IEA (2021), Global Energy Review 2021, IEA, Paris https://www.iea.org/reports/global-energy-review-2021, License: CC BY 4.0
Global electricity demand fell by around 1% in 2020, with demand declining most markedly in the first half of the year as lockdowns restricted commercial and industrial activity. Demand was, at times, 20-30% lower than pre-lockdown periods. Compared to the same periods in 2019, after stripping out weather variations, China’s demand dropped by more than 10% in February. The United States, after China the second-largest global electricity consumer, experienced a decline of almost the same magnitude in May during the peak of stay-at-home orders.
From March to April, weekly demand in Germany, France and the United Kingdom dropped more than 15% and, in Spain and Italy, by even more than 25%. Similarly, India saw demand decline more than 20% in several weeks between mid-March and the end of April. In Japan and Korea – where COVID-19 cases were fewer than in Europe and the United States– demand declined by around 8% in May.
Advanced economies recovered in the second half of 2020 but remained for the most part below 2019 levels. Some emerging markets and developing regions registered strong growth rates towards the end of the year, especially China and India, who recorded more than 8% and 6% year-on-year growth, respectively, in the last quarter of 2020.
Electricity demand is expected to increase by 4.5% in 2021, supported by rebounding economic activity and rapid growth in major emerging economies such as China.
In advanced economies, vaccination campaigns against Covid‑19 are expected to enable the progressive lifting of restrictions between spring and autumn. The anticipated demand growth of 2.5% should be sufficient to push demand within 1% of 2019 levels. In the United States, demand is expected to increase by around 2%, boosted by economic stimulus and colder temperatures during the early months of 2021. This increase should push demand to within 1.6% of 2019 levels. The largest consumers in the European Union – Germany, France, Italy and Spain – are anticipated to remain below 2019 levels, with an increase of almost 3% in 2021 failing to fully make up for declines of 4% to 6% in 2020. It is similar in Japan, where demand is expected to rebound only 1% from 2020 levels, far from sufficient to reverse the 4% decline in 2020.
Demand in emerging and developing economies remains on the growth trajectory that resumed in the second half of 2020. This trajectory will be accelerated by the projected strong economic recovery for China and India.
With a projected 2021 GDP growth of 9% in China and 12% in India, electricity demand is expected to grow by around 8% in both countries compared with 2020. For China, the projected increase comes on top of 2020 growth, putting demand in 2021 almost 12% above 2019 levels. Southeast Asian countries are also expected to see a strong return to growth, with demand increasing 5% in 2021, putting total demand 3% above 2019 levels.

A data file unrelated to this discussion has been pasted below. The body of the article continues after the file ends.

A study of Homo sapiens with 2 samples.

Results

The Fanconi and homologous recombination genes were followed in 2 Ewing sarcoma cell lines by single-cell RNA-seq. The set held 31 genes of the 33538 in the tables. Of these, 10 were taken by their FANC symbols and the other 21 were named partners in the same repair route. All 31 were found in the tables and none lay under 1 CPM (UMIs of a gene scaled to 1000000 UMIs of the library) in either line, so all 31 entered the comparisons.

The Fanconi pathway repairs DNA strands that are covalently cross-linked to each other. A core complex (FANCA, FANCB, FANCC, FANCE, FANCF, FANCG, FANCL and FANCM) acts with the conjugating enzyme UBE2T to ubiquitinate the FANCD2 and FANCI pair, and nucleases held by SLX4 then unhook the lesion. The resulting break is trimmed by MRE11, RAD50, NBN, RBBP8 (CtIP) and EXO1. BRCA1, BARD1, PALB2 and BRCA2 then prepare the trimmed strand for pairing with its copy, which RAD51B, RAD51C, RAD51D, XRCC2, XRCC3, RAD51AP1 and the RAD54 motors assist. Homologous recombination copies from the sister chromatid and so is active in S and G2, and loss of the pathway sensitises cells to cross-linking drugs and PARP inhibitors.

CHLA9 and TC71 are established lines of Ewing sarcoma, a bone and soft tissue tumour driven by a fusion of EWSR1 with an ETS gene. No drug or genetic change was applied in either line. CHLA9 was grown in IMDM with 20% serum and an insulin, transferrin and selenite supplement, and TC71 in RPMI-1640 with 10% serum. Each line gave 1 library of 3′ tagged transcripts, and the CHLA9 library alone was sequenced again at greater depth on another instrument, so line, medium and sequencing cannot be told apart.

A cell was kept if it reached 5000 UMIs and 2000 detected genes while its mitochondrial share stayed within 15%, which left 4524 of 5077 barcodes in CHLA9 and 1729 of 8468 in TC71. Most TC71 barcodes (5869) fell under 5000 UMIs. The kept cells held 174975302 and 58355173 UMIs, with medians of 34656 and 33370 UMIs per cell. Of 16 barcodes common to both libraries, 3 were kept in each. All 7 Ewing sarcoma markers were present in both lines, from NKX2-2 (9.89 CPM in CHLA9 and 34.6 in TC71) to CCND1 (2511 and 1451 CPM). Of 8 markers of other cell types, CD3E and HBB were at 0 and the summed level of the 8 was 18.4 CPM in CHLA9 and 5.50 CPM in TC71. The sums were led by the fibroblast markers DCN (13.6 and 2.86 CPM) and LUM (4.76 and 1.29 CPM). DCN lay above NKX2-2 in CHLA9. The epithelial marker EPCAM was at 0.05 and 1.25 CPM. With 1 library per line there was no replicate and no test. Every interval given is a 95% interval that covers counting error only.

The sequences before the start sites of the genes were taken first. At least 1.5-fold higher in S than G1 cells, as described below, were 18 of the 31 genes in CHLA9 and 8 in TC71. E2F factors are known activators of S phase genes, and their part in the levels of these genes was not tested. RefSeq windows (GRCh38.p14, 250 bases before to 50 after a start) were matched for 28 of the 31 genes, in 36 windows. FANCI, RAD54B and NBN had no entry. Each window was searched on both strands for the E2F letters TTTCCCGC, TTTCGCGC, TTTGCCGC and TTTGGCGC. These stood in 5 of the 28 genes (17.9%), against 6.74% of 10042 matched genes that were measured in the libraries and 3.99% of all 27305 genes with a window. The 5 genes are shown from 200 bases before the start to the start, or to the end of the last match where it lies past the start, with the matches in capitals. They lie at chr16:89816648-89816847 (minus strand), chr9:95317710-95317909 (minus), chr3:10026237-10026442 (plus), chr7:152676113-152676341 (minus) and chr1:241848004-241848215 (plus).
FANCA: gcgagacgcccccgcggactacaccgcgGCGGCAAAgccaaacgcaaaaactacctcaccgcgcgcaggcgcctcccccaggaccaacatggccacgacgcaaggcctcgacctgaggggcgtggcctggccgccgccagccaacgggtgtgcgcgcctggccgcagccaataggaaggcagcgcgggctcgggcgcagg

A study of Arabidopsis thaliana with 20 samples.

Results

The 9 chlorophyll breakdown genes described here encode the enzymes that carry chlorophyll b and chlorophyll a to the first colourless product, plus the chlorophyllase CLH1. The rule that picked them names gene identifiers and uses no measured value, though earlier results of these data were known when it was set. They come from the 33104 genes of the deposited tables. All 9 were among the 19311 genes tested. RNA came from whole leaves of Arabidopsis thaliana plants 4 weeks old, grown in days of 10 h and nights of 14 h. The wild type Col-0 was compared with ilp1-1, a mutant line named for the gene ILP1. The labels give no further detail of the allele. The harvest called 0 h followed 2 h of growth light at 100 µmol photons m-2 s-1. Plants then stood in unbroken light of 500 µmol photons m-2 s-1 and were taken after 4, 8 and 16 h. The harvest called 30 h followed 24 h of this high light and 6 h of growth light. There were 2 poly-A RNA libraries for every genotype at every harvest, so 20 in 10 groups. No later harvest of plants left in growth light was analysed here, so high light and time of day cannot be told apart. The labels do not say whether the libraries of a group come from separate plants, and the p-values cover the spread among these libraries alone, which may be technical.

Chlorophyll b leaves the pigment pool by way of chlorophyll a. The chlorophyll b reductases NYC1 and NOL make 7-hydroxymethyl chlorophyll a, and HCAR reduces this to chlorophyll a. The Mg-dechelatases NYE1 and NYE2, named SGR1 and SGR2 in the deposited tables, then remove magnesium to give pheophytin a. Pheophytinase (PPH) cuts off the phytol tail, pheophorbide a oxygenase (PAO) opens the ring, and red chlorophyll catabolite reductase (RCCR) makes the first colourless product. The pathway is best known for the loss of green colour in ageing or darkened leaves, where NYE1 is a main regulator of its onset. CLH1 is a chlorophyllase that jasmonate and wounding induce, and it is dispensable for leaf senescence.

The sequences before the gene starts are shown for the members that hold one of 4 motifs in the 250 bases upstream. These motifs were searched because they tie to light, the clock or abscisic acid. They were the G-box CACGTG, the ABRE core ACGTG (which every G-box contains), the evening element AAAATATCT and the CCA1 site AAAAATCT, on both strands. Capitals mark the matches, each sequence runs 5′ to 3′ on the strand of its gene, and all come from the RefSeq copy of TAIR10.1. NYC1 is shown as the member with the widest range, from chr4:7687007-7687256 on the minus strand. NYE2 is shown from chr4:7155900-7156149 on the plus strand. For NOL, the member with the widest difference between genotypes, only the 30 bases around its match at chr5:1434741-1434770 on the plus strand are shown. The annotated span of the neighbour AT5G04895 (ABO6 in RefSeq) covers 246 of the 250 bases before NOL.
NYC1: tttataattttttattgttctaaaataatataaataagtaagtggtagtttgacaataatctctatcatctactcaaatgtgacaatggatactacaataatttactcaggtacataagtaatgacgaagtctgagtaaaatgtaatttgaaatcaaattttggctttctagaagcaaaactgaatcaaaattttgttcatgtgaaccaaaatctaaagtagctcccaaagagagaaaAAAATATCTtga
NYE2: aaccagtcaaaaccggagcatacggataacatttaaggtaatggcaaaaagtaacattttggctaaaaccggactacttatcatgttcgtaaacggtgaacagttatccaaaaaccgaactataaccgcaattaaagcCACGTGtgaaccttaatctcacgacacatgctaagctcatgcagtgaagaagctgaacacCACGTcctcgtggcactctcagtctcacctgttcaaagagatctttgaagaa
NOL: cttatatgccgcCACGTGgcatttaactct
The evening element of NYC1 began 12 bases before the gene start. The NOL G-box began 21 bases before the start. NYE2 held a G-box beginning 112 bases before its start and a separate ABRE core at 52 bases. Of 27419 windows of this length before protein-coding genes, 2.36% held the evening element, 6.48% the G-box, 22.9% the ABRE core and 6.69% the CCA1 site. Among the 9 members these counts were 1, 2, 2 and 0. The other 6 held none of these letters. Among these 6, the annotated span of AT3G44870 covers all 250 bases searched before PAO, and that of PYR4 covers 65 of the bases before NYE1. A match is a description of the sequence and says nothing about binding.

Record growth of renewables – led by wind and solar PV, which in 2020 grew by 12% and 23%, respectively, combined with a decline in global electricity demand – put fossil fuel-fired and nuclear power plants in a tight spot in 2020. Demand from non-renewable sources decreased by more than 3%.
Coal was the hardest hit among all sources of electricity in 2020, down 440 TWh. The 4.4% drop in generation from coal was the largest ever absolute decline and the largest relative decline in the past fifty years. Driven by low gas prices, the United States alone accounted for almost half of the global net decline. The European Union was responsible for an additional 23% of the decline – a decline largely offset by increases in generation from renewable sources.
Gas-fired power plants experienced lesser declines in generation compared to coal, down only 1.6% in 2020. Gas was less affected owing to competitive prices, especially during the middle of the year. In the United States, where gas-fired generation increased by 2% in 2020, coal-fired generation dropped by a staggering 20%, or 210 TWh.
Oil continued its uninterrupted global decline since 2012, decreasing by 4.4%.
Recent developments promise the 20th consecutive year of growth for renewables-based electricity generation in 2021. Expanding generation from renewables is expected to provide just over half of the increase in electricity supply in 2021. With generation from nuclear expected to increase by around 2%, the remaining electricity demand growth is met by coal and gas-fired power plants.
The majority of the increase in electricity generation from fossil fuels is likely to be provided by coal-fired power plants, with their output expected to increase by 480 TWh. Due to upward pressure on gas prices, natural gas benefits to only a small extent (+1%). In the United States, where coal-fired generation dropped by around 20% in 2020, we expect about half of this loss to be reversed in 2021 – as coal-to-gas switching is unwound in some parts of the country. As a result, gas-fired generation falls by almost 80 TWh in 2021 in the United States.
Well over half of the increase in coal-fired electricity generation in 2021 is anticipated in China. Although representing about 45% of additional global renewable generation, around half of the 8% increase in electricity supply in China is provided by fossil fuels in 2021, pushing generation from coal in China up by 330 TWh (or 7%) on 2019 levels. In India, which is expected to have the second-largest absolute demand growth after China, 70% of additional electricity demand in 2021 will be covered by thermal generation – almost all from coal.